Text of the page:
I appreciate Elyse Graham ’07’s portraits of James Madison 1771’s classmates Hugh Henry Brackenridge and Philip Freneau (Princeton Portrait, October issue).
I’d just like to add that Brackenridge, Freneau, and Madison grew up in a culture of white American Protestantism, which was very much entrenched in colonial Princeton. From this perspective, Brackenridge and Freneau lampooned the Cliosophs by making Bombo a Catholic and his pilgrimage eastward to Mecca of all places. I suspect that Brackenridge and Freneau had a blast mocking the Cliosophs as outside the protestant America mainstream and Bombo as a fool for thinking he could find solace and redemption in the Muslim Middle East. By our standards, this humor is egregious, but Brackenridge and Freneau are not writing for us — they are writing within the accepted standards of protestant colonial America and particularly their small American Whig Society of 1770.
Now let’s consider “The Rising Glory of America.” This was the 1771 student Commencement address read by salutatorian Brackenridge. Unlike Father Bombo, which looks east, “Rising Glory” looks west and is prophetic. It sees a great civilization which will stretch from coast to coast. It sees America preparing for its role as the new thousand-year center of global commerce, culture, literature, and the arts, replacing ancient Greece, Rome, and England, each of which had their day in the sun. As American historian Joseph Ellis points out in After the Revolution, “Rising Glory” fits within the idea of translatio studii or translatio imperii, “that civilization, like the sun, moved from east to west and that the North American continent was therefore destined to become the habitat for the arts and sciences at some unspecified time in the future.” Brackenridge and Freneau even predicted that the New Jerusalem would land in America, notably in New Jersey.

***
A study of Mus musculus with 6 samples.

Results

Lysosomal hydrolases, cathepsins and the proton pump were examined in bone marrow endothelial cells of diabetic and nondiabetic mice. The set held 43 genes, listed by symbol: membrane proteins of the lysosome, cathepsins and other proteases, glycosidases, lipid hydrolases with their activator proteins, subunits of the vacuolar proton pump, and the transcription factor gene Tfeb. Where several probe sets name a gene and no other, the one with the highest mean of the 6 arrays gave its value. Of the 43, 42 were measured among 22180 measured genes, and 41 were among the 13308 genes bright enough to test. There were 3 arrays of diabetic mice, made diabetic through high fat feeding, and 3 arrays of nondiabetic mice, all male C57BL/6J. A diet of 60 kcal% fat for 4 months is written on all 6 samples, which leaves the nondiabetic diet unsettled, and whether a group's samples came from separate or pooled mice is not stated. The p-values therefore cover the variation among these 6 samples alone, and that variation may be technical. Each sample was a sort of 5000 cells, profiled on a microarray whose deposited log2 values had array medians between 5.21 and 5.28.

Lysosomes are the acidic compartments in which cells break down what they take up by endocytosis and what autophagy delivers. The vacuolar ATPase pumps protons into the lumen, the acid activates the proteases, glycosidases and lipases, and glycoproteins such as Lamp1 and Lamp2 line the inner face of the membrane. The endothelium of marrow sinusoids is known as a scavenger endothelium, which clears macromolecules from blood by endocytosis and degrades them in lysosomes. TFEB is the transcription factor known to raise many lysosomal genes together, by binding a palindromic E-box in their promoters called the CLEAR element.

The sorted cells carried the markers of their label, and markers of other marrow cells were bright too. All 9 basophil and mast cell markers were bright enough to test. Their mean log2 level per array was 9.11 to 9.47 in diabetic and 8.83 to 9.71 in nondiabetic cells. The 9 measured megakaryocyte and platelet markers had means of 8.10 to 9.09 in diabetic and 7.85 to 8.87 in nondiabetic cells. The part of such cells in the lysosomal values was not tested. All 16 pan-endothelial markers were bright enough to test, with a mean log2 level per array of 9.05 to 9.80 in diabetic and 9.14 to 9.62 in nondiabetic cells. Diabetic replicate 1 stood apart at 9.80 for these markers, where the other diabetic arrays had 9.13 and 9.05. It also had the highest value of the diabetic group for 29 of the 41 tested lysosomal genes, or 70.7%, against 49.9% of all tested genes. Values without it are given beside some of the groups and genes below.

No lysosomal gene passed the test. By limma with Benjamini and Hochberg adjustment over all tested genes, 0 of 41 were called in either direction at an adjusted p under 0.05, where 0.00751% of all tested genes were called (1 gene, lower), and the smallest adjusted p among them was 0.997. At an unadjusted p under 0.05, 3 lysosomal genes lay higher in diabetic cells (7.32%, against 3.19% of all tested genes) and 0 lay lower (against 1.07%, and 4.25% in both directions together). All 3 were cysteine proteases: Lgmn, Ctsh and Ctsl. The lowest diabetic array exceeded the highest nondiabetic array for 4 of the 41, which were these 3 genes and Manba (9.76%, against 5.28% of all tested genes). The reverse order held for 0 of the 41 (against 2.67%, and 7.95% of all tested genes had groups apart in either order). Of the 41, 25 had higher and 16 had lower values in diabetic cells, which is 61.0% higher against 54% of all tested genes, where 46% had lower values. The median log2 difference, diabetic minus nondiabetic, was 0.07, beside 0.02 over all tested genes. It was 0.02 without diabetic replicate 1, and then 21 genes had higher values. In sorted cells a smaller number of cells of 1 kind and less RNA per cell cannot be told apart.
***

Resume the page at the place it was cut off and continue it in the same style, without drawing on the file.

While these ideas may seem naive and outdated to the modern Princeton community, I would suggest that the notion of American cultural supremacy persisted in one way or another for at least our nation’s first 200 years, certainly up until the nation’s bicentennial in 1976. Many would argue that it continues today, particularly in the context of American exceptionalism, our attachment and dependence on the U.S. Constitution for the protection of freedom, and America’s persistent leadership in the sciences and engineering.
Finally, despite its chauvinism, there is a vision and spirit underlying “Rising Glory.” One can hope that Princetonians everywhere will take ownership of that vision and spirit and help make the promise of America available to all Americans and, in the words of our informal motto, all humanity.